Black and Progessive Sociologists for Obama posted a brief piece by the daughter of Viola Liuzzo. Like me, you may find the name sounds familiar, though you can’t quite place why:
Viola Liuzzo was a Detroit area housewife and mother of five whose best friend was her African American housekeeper. In defense of the dignity of her friend, she went to Selma to participate in the Selma voter registration campaign. She moved to Selma and lived in the public housing across the street from Brown Chapel. Brown Chapel was the staging area for the struggle.
As an aside, the picture that is often shown of of Malcolm X and Dr. Martin Luther King, Jr. shaking hands was taken when they met in Brown Chapel during this campaign.
By the time of the Selma campaign, the SNCC workers had become very disillusioned with non-violence in the face of whites not practicing non-violence. The Klan, in complicity with Southern law enforcement, were carrying out murders with impugnity.
Also winter of 1965, there was a growing view in SNCC that Malcolm’s message of black self-determination was an important one. As a consequence, it was SNCC that invited Malcolm to the Selma struggle. Within weeks of this connection Malcolm was assassinated.
While these were the dynamics within the Selma campaign, few knew of the commitment of Viola Liuzzo commitment of this mother of five to the struggle. She became a martyr of the movement when she, being a white American, was killed driving marchers back to Selma from Montgomery. The deaths of blacks, versus that of whites, were generally dismissed. For whites on the other hand, white deaths got more coverage. The Liuzzo death was big. These events provide such power to the words of Sally Liuzzo, her daughter should not be dismissed a politics. RGN
In her post, Sally Liuzzo talks about his disappointment with racism in the 2008 presidential race and the legacy Viola Liuzzo left behind . Read more…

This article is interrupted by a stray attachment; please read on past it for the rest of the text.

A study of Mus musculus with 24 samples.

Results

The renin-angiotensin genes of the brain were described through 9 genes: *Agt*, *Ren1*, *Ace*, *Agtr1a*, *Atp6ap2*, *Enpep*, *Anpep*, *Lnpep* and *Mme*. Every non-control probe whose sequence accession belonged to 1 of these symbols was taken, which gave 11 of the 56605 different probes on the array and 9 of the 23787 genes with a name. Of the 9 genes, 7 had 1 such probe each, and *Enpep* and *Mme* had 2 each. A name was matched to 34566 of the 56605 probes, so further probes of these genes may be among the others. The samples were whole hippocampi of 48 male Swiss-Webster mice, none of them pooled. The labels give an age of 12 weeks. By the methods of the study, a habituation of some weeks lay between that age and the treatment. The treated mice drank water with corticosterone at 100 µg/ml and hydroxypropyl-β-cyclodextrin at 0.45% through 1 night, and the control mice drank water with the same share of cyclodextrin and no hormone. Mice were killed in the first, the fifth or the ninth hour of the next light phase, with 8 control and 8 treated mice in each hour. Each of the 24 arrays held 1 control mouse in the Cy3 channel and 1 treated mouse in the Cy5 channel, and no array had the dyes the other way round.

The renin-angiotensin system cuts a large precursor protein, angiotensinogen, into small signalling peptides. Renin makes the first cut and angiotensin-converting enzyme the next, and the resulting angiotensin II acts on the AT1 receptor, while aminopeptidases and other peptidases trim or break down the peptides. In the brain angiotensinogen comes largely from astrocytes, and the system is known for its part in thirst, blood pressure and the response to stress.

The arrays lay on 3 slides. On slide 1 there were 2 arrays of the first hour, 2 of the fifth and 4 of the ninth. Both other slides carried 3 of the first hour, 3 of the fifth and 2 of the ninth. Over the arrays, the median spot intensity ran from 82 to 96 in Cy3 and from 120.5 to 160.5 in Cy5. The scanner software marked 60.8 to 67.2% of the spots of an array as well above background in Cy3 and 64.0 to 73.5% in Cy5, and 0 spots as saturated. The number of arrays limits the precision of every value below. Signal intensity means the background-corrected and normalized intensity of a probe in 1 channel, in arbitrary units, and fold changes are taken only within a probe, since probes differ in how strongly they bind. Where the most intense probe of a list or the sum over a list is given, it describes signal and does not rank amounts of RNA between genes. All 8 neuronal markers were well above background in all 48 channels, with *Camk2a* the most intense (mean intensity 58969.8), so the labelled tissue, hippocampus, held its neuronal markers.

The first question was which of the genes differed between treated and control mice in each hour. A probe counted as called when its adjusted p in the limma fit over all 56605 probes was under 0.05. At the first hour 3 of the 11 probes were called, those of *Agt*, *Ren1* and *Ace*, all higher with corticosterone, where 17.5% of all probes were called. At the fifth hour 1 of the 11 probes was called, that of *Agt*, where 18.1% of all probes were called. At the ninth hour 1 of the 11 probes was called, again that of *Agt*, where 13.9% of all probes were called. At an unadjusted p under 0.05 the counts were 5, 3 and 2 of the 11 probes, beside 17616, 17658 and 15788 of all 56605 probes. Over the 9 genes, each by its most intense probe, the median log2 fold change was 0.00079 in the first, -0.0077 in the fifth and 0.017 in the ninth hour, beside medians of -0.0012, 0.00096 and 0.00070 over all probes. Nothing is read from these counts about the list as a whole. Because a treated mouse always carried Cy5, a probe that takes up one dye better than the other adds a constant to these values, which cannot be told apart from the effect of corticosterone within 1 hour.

Back in June, Harlow’s Monkey published a great checklist of things to think about when parenting a child transracially or transnationally:
Will your child have any adult role models that reflect his race? Who will your child see on television that positively and accurately reflects her race? Are the only people of your child’s race or ethnicity working in service jobs? Or does your child see professionals of his race or ethnicity on a regular basis? Who will your child date and/or go to Prom with? How will you prepare your child if he or she is only considered “friend” material because of his or her race? Does your child think that all “brown” or Asian kids are adopted? How will you feel about your child dating or marrying /partnering a person of his or her same race? Do you expect your child will come to you with questions about race and racism? Do you expect your child will tell you about his or her experiences with racism? Especially at school? And what if it involves teachers? Do you have a difficult time believing that your child/family will be impacted by race? Do you believe things are “different now?”